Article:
Author: Gerald A. DeLuca ( from United States
27 March 2007

*** This review may contain spoilers ***

Once one accepts the improbable premise of this film, it turns out to be a very delightful and at times moving story with comic elements. Aldo Fabrizi is a Roman bus ticket-man, Cesare. Coming to the aid of a young housemaid (Adriana Benetti) who has been robbed of money she owes her employer, he attempts to help her recover her money. When that fails, he tries to try to land her a new job, to get her "sistemata." It turns into an odyssey of mishaps and surprises, with a romantic attachment, often as fatherly as amorous between the girl and the man. Fabrizi's conductor colleague Bruno(Andrea Checchi) is a prankster, otherwise friendless, and becomes a rival when he himself becomes fond of the girl. He must relinquish her at the end as he goes off to war.

Many elements of the plot bear some tonal resemblance to the contemporaneous film of Blasetti "Quattro passi fra le nuvole," with Gino Cervi as the fatherly guardian angel and Adriana Benetti in a roll almost identical to this one, that of the innocent girl besieged by a host of problems, and finding solace in the understanding of a stranger who befriends her and does immense favors for her. Unlike Blasetti's film, however, the girl is not pregnant and afraid to go home to her parents, but just jobless and disoriented for a time. It is easy to confuse the two movies, as I have seen done.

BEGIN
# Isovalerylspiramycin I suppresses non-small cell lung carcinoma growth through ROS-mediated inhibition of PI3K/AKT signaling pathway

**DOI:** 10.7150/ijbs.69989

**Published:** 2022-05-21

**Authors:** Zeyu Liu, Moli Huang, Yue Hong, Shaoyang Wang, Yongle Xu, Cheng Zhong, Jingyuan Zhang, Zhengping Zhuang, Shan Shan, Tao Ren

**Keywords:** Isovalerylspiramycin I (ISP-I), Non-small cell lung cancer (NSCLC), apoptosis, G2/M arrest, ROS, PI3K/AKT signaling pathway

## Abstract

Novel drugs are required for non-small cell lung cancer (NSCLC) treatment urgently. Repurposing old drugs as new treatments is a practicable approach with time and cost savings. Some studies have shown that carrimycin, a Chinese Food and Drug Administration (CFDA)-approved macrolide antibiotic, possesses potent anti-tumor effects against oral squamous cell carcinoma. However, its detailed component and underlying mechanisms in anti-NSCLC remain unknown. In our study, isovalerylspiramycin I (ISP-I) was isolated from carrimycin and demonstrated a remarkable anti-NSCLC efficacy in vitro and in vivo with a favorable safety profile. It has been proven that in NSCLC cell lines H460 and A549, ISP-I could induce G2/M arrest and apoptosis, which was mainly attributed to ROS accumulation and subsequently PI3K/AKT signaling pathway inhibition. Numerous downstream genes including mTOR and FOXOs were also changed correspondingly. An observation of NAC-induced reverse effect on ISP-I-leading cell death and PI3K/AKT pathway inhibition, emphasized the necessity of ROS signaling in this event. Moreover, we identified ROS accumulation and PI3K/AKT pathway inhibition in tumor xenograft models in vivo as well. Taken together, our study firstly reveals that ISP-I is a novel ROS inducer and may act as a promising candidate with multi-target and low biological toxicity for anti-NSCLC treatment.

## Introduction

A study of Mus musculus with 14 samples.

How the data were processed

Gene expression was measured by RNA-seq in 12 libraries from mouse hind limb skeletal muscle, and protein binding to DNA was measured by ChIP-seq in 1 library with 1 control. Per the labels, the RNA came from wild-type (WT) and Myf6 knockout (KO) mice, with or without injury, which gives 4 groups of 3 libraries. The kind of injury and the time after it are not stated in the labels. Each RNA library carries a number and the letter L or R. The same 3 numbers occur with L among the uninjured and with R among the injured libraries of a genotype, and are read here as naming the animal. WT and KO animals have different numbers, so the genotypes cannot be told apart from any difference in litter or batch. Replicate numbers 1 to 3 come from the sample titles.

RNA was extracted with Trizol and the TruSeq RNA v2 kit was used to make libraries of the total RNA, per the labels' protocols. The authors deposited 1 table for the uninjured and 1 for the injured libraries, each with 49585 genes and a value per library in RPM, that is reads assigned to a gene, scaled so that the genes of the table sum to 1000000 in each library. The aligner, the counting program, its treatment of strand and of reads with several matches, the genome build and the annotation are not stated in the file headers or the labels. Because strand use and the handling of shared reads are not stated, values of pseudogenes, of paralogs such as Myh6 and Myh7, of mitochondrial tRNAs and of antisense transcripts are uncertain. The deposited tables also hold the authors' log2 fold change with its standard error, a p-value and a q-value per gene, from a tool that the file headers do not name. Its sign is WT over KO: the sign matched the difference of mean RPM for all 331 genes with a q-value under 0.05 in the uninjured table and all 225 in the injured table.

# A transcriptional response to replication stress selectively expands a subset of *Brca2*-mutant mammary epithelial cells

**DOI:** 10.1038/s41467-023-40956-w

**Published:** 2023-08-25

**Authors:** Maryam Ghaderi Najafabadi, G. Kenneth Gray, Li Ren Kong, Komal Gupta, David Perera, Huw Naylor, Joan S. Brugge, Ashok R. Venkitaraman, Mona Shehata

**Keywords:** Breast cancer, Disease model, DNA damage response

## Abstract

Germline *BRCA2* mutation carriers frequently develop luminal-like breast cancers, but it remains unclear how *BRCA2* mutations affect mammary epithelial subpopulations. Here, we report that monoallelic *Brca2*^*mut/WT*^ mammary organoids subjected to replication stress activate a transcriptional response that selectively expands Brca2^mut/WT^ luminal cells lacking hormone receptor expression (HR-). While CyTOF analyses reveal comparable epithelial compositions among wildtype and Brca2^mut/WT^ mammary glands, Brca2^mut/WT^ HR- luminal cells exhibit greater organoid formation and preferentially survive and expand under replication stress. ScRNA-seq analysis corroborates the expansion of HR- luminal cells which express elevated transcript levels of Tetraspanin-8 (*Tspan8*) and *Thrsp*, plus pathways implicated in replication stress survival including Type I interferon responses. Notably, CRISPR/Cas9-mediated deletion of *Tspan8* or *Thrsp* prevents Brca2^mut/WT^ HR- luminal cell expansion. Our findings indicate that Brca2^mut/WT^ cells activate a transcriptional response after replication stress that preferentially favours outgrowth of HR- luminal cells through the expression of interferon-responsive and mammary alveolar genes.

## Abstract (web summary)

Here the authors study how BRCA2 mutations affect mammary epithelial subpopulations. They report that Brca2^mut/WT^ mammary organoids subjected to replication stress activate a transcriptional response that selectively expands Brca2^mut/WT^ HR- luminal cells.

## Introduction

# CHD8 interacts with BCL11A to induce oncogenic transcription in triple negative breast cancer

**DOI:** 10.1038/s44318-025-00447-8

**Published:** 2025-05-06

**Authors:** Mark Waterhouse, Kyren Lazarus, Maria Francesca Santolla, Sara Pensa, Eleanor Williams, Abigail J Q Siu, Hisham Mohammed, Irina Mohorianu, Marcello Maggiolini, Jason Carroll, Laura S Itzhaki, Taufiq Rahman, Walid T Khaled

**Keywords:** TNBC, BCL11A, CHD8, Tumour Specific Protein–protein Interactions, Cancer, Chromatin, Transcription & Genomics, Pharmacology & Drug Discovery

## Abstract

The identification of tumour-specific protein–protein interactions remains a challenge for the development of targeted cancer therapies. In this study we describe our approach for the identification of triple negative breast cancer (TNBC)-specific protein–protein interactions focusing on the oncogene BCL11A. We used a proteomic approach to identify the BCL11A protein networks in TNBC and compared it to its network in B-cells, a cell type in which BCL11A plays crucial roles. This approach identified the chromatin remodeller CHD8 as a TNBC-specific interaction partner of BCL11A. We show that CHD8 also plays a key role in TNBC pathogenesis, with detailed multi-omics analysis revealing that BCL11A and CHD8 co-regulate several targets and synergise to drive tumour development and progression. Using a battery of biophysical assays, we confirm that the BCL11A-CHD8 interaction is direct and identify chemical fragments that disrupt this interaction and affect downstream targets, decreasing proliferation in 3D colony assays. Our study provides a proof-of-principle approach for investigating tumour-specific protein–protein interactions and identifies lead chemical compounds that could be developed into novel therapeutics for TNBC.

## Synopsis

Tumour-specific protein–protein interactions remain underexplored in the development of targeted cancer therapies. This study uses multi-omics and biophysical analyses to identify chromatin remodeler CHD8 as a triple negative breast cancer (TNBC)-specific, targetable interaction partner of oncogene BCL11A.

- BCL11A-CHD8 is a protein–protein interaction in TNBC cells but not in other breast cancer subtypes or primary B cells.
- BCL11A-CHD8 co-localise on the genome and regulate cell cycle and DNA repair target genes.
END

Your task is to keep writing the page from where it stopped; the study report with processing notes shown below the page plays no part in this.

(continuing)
Many of the Italian films made during this fascist era were escapist in nature (when not overtly patriotic) and tended to avoid the reality of the war. Here it seeps into the dialog and into the background, with soldiers in uniform on the streets, with a main character going off to battle by the end of the film. It bears some aroma of soon-too-burgeon neorealist films, one of which, Rossellini's "Open City," Fabrizi would be central to in three years.

I didn't expect much from this movie, perhaps some light comedy and a few laughs, but it also has a good measure of poetic melancholy which transforms it into something even stronger, even better. The scene in which Fabrizi dictates a letter to his nearly-friendless friend, Bruno, as the man is about to embark on his military service, is very moving. Cesare tells him what to say to his mother in the letter, and the expression on Bruno's face when he realizes how good a person Cesare is, is astonishingly moving.